Written by Ms. Berman
Dedicated to the students and families of the Senior class of 2012
“My mother says I am the devil child,” an IS Senior recently said to me. “Ask her to call me and I will tell her stories about some truly bad kids,” I responded in a semi-sarcastic tone. This flippant comment from my discouraged student, however, continued to resonate with me long after he had left the room. I find myself wondering why we, as a society, are so set upon recognizing birthdays, graduations, communions, weddings and so forth, and yet we do little to recognize and prepare both young adults and their families for the one of the biggest life transitions of all: breaking away. This processes spans over an entire year, as the student begins applying to, planning for, and ultimately going off to college.
Perhaps we underestimate the emotional drain that the application process places on the student, and all of the close family members involved. When my own children were going through this process, my husband philosophized that it’s an evolutionary necessity for children to get combative enough that we actually want them to move out. Otherwise, he contended, how would we ever let our little darlings go? Thus, as a child’s yearning for greater independence and control escalate, so do the family arguments based around the child’s ever changing wants and needs. This signals that the process of breaking away has begun.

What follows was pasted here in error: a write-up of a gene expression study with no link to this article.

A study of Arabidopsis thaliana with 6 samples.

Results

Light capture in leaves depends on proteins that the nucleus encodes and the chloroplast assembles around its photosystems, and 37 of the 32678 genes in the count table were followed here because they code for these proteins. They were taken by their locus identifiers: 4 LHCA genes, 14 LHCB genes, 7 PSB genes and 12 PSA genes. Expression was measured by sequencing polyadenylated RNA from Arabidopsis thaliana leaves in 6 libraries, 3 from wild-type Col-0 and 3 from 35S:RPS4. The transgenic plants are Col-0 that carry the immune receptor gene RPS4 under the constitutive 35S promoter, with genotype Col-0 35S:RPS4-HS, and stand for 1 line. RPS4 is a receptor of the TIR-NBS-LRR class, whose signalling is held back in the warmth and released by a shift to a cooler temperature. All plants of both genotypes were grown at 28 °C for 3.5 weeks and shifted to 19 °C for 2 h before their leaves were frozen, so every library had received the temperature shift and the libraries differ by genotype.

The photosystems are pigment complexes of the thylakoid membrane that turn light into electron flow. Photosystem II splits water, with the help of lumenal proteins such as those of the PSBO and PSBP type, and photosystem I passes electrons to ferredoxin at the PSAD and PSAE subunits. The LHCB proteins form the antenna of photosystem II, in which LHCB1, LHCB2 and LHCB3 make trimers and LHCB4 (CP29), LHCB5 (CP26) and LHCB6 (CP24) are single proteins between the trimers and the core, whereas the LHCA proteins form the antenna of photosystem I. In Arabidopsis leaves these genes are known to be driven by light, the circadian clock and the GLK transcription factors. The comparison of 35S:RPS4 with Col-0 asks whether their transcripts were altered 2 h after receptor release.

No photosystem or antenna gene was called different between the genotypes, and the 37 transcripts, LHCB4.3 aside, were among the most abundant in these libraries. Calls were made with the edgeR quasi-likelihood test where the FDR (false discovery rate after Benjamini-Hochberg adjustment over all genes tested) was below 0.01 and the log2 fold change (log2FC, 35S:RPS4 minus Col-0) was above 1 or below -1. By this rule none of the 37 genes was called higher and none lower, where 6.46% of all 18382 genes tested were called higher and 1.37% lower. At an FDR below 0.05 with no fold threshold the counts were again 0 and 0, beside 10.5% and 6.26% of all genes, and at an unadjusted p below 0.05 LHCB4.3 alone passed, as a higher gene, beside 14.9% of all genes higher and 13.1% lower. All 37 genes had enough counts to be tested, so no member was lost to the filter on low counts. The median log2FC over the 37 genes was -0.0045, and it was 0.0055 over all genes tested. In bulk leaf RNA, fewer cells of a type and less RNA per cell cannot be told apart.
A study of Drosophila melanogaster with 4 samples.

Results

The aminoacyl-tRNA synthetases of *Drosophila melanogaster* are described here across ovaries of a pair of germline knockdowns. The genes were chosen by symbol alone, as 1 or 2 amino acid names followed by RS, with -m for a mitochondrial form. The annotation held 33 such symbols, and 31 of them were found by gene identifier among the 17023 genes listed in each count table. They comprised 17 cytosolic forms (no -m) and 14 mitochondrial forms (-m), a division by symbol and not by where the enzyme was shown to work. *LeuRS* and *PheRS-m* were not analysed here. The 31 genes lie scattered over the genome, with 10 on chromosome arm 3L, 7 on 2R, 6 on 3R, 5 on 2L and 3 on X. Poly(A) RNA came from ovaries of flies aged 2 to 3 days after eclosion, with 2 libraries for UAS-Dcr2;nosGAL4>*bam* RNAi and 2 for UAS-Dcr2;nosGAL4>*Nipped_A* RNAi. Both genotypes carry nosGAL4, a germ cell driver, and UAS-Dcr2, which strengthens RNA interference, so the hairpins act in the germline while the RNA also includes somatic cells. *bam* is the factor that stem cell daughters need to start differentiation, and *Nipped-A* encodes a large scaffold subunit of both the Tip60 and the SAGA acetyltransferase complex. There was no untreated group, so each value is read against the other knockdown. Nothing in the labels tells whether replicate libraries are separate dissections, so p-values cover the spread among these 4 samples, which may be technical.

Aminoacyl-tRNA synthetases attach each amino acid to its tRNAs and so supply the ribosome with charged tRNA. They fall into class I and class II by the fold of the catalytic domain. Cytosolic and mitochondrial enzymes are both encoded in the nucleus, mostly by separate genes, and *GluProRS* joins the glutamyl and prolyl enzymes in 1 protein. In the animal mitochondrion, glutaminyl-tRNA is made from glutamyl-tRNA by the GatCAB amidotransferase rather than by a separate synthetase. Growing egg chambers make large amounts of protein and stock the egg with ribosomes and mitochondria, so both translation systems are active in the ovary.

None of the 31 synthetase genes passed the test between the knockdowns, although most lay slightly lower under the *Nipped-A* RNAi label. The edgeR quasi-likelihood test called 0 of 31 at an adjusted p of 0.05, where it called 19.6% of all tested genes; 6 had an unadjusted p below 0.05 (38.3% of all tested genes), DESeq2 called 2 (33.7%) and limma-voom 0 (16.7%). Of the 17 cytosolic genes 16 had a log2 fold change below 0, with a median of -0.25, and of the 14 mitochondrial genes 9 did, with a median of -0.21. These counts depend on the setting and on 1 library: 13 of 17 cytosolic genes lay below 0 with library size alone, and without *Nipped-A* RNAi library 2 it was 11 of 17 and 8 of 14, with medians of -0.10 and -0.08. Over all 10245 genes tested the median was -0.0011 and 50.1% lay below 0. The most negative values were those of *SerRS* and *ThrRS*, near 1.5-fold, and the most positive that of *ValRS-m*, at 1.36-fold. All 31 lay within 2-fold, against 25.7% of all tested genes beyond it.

I hear the complaints from both the student and parental points of view. Parents will contact me behind their child’s back (which I always tell them may backfire and encourage honesty when seeking my input), saying that their child has suddenly turned secretive and defiant. The student doesn’t want to listen to the parent’s advice regarding college choices, nor topics for his/her personal statement. A student’s typical rebuttal: “That’s what AVID is for.“ As the parent pushes harder to stay involved in the decision-making process, the student often resists even more.
The student from the same family may come to me, complaining that all of a sudden new restrictions are being placed upon him/her, such as an earlier curfew or fewer opportunities to use the family car. “It’s often about control,” I try to explain. “As you withdraw from your parents, you create suspicion, and it is a normal response for them to try to keep better tabs on you. Share your life with them,” I suggest. “Be the one to initiate doing the things that you used to love doing together. When is the last time that you actually went out and had fun without talking about IB exams, college applications, or career choices?” Most students can’t remember.
No one is at fault for this dilemma. Trying to evaluate the situation from the other person’s point of view and realizing that this is difficult for all the parties involved can sometimes lead to a little more patience. Knowing that most families go through some type of adjustment during this period of time, and merely acknowledging that this is one of life’s most stressful transitions, can help the family members be less reactive to each comment and gesture as they arise. It does not have to be a tumultuous time for both the student and the parents. Focusing upon strategies that will create more successful ways to “break-away together” can make all the difference.